David Mitchell’s The Bone Clocks now has an official release date, as well as ample pre-publication details to whet your appetite. News of the book, which will be available in September, also came with the announcement of a new three-book deal with Random House.
“Writers are outsiders, and usually not by their own choosing. It’s why they’re writers. If they didn’t feel alienated from human experience, they wouldn’t feel so drawn to writing to make sense of their lives. It’s not the outsider’s facility for language that makes her a writer — many a student body president or homecoming queen can turn a phrase — but her ability to howl at the moon, on the page.” Karen Karbo writes for Powell’s Books’s blog about how much publishing has changed in the last 20-some years, but she also has a lot of great words about why people would want to deal with writing and publishing in the first place. Pair her smart essay with our own Nick Ripatrazone‘s piece “Practical Art: On Teaching the Business of Creative Writing.”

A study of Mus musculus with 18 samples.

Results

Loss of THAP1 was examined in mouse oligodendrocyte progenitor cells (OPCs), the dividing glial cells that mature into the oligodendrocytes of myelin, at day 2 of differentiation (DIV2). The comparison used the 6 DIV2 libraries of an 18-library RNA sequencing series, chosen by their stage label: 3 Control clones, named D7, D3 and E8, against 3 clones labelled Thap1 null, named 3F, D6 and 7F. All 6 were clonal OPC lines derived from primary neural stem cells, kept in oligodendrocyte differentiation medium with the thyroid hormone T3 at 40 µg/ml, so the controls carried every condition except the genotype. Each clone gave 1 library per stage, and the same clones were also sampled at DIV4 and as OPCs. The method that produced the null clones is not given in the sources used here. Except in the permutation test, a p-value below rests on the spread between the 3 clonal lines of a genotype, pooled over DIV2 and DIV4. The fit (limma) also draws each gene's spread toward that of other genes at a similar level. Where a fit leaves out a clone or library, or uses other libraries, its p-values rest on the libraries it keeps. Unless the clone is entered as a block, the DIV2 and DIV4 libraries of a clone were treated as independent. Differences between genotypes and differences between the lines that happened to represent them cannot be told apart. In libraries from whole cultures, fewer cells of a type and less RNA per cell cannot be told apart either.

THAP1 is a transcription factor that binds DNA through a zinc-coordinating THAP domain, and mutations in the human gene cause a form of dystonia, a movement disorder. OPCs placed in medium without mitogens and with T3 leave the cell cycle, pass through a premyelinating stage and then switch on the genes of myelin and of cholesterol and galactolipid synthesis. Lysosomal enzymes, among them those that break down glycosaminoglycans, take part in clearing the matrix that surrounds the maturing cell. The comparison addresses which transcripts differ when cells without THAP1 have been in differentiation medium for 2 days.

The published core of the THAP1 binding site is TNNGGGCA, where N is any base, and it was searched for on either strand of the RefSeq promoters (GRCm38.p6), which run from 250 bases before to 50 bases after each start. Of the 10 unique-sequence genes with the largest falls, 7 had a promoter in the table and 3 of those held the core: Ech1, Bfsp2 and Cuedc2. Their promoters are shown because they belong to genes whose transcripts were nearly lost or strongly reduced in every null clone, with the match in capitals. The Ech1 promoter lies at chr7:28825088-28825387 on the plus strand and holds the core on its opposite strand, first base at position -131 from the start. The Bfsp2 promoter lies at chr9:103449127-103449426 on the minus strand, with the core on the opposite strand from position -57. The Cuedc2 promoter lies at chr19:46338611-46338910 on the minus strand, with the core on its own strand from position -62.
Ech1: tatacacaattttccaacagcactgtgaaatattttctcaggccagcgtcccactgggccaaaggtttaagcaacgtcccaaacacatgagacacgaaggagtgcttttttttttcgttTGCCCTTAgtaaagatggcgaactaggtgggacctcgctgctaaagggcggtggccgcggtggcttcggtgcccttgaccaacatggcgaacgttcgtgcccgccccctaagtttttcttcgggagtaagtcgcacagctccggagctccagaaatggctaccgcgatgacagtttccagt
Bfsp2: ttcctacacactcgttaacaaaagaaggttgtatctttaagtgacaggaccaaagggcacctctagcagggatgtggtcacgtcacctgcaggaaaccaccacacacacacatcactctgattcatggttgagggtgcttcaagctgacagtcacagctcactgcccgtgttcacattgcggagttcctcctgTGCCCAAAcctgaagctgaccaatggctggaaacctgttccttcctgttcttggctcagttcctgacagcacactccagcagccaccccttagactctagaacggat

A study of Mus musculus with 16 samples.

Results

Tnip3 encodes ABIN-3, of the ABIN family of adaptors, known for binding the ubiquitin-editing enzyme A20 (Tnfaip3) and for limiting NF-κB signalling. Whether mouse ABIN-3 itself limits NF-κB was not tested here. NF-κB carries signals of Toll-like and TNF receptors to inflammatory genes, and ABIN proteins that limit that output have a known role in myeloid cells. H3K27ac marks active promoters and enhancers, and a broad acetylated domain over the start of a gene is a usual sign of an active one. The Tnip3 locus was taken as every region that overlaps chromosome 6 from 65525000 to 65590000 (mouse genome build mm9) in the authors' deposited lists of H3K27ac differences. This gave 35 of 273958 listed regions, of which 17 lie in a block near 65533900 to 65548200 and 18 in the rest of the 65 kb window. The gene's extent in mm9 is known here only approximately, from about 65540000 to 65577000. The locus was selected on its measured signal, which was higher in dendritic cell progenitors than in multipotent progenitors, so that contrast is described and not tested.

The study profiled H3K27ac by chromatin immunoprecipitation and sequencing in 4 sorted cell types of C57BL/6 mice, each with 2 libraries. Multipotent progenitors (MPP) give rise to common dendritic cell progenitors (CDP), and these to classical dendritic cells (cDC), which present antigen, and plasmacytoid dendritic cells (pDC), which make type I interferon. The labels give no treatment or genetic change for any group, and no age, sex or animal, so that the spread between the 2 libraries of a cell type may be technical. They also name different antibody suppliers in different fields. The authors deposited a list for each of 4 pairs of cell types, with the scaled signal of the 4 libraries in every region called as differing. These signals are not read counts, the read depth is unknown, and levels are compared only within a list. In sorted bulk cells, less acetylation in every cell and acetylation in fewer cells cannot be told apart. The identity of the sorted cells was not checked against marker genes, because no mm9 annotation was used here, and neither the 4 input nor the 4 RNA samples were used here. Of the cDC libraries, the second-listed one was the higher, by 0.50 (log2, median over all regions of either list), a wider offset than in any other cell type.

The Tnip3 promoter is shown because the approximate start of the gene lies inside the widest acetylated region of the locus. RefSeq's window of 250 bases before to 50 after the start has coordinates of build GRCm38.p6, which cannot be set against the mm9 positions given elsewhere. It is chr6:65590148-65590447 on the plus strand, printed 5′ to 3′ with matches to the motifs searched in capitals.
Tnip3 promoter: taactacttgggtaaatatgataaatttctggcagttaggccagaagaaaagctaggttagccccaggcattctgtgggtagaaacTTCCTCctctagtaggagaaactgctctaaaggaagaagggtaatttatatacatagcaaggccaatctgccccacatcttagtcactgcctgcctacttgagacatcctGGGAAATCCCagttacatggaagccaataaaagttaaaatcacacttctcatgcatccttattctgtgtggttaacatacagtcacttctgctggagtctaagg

A new library has been designed for the small village of Huairou on the outskirts of Beijing. Instead of adding a new building inside the village center, the architects chose a site in the nearby mountains, a pleasant five minute walk from the village center. “In doing so we could provide a setting of clear thoughts when one consciously takes the effort to head for the reading room.”
“What’s the kindest thing you almost did?” You’ll find this sentence by Jonathan Safran Foer on a Chipotle cup next time you eat a burrito there. The fast food restaurant will feature the short stories five authors, including Foer, Malcolm Gladwell, Toni Morrison, George Saunders, and Michael Lewis, on its cups, and unlike guacamole, they won’t cost extra. Unsurprisingly, Cormac McCarthy didn’t make a cup.
E-book pricing wars continue. Sony tries to hit the Kindle where it hurts by offering cheaper e-books. Meanwhile, $0 is becoming an important price point at the Kindle store.Sam Anderson hates Thomas Pynchon.An indie bookstore fan uses our bookstore tour as a jumping-off point for a literary day in Manhattan. You can too.